After RNC Chairman Reince Priebus unveiled the Republican Party’s Growth and Opportunity Project last month, conservatives were hopeful this marked a fundamental change in the direction of the party. The 100-page document’s emphasis on engaging the grassroots and broadening party appeal seemed to indicate GOP leaders were looking to make amends with their base. Less than a month later however, the RNC renounced these claims and once again revealed the greatest hindrance to the GOP’s success: the party itself.
Many Republicans were aghast to witness the blatant political theater that took place last year during the Republican National Convention. Not only were controversial rules changes ushered in by Romney supporters and the establishment but video was released shortly thereafter revealing that the votes were rigged.
As an attempt to quell the growing animosity among grassroots conservatives, the RNC launched the Growth and Opportunity Project and offered to further discuss the rules changes at the RNC’s Spring Meeting.
Initially, it was believed the RNC was sincere in their efforts to overturn the recent powergrabs that rendered delegates nothing more than pawns being used in a chess match that had long been decided without them. As FreedomWorks New Media Director Kristina Ribali noted however, this was hardly the case:
“The changes not only removed the right of a delegate to change their mind at the convention, it also removed any opportunity for a delegate to sign a petition in support of any candidate other than their pledged candidate.
The language in this rule change removes virtually any power that a delegate would have to suppport a lesser known or unordained candidate.”
Ribali continued saying,
Consider this; had rules such as this been in place, candidates like Barry Goldwater and Ronald Reagan would have never worked their way through the ranks and become a uniting force for the fiscal conservative movement. In 1976 Reagan was beat for the nomination on the floor of the convention. Realizing the need for renewed energy in the party, a more transparent process allowed for Reagan to become the party’s nominee in 1980.
Disappointed by the RNC’s refusal to honor the principles of decentralization and republican government they ostensibly cherish, roughly 50 grassroots activists and FreedomWorks staff members marched to the RNC office in Washington, D.C. on Tax Day, April 15th. The activists presented an open letter describing their grievences, along with a petition consisting of over 12,000 signatures demanding the rules changes be overturned.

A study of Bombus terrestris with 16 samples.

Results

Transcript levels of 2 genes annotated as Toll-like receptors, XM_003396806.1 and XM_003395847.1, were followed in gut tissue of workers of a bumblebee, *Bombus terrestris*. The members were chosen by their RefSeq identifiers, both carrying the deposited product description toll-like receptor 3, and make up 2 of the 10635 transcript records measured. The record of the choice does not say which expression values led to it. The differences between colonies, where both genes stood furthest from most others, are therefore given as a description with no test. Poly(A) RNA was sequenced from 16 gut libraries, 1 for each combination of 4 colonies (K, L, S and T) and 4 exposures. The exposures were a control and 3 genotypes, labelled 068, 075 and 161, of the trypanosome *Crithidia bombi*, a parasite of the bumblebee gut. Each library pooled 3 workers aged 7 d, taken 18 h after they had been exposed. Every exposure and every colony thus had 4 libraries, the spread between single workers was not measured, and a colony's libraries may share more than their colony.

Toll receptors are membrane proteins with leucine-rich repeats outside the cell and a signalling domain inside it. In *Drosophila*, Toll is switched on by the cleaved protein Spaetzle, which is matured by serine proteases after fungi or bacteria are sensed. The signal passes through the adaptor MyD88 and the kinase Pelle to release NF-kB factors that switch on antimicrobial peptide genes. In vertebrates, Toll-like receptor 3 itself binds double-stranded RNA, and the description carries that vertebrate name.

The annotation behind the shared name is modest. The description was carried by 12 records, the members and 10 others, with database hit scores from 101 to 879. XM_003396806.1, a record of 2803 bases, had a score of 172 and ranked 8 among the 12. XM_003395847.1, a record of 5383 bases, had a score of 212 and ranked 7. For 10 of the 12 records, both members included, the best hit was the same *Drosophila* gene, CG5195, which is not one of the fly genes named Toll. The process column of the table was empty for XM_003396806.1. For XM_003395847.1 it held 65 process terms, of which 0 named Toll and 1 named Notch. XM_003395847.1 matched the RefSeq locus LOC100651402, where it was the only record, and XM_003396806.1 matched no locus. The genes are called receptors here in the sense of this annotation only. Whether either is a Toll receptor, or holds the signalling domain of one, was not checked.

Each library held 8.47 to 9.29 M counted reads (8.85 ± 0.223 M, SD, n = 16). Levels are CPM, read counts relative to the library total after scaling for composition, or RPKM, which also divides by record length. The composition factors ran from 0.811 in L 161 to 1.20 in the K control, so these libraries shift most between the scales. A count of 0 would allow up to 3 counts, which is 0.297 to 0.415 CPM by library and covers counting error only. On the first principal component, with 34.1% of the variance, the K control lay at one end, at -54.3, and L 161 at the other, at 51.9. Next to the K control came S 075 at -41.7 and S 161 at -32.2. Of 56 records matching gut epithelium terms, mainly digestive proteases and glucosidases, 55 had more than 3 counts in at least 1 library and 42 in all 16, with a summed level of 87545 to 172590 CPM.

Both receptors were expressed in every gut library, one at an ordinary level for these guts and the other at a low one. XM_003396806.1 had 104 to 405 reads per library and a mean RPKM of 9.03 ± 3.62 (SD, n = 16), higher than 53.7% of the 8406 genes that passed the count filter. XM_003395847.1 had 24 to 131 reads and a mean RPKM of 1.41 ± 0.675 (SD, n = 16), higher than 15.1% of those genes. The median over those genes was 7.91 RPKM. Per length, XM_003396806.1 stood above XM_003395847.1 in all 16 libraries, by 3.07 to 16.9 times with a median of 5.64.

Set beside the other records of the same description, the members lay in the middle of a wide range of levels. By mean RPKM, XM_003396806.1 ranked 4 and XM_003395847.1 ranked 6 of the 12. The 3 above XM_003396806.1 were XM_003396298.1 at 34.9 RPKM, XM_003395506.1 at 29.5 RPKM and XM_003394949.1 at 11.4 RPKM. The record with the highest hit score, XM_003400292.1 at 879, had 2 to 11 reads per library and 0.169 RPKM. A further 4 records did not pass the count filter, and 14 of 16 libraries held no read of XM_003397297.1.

Despite Chairman Priebus stating just days before that, “We all agree the grassroots are the center of this party and are vital to winning elections,” the activists were refused access to the RNC for more than hour.
Only then was FreedomWorks Communications Director Jackie Bodnar allowed inside just long enough to be reassured that these rule changes were empowering to the grassroots and conservatives have nothing to worry about.
Perhaps that would be more comforting if it weren’t coming from the same party leadership responsible for not only committing fraud to usher in their candidate, but ordaining a candidate who suffered a humilating loss to one of the most unpopular incumbents in history. One would think the dismal results of the presidential race would warrant a revitalizing of the party’s priorities but the leadership fails to yield.
Yet again, the Republican Party demonstrates itself to be the greatest obstacle to restoring a conservative form of government. As FreedomWorks President and CEO Matt Kibbe has noted, “Sometimes you have to beat the Republicans before you can beat the Democrats.” If the GOP hopes to ever win elections in the future, they must first stop beating themselves.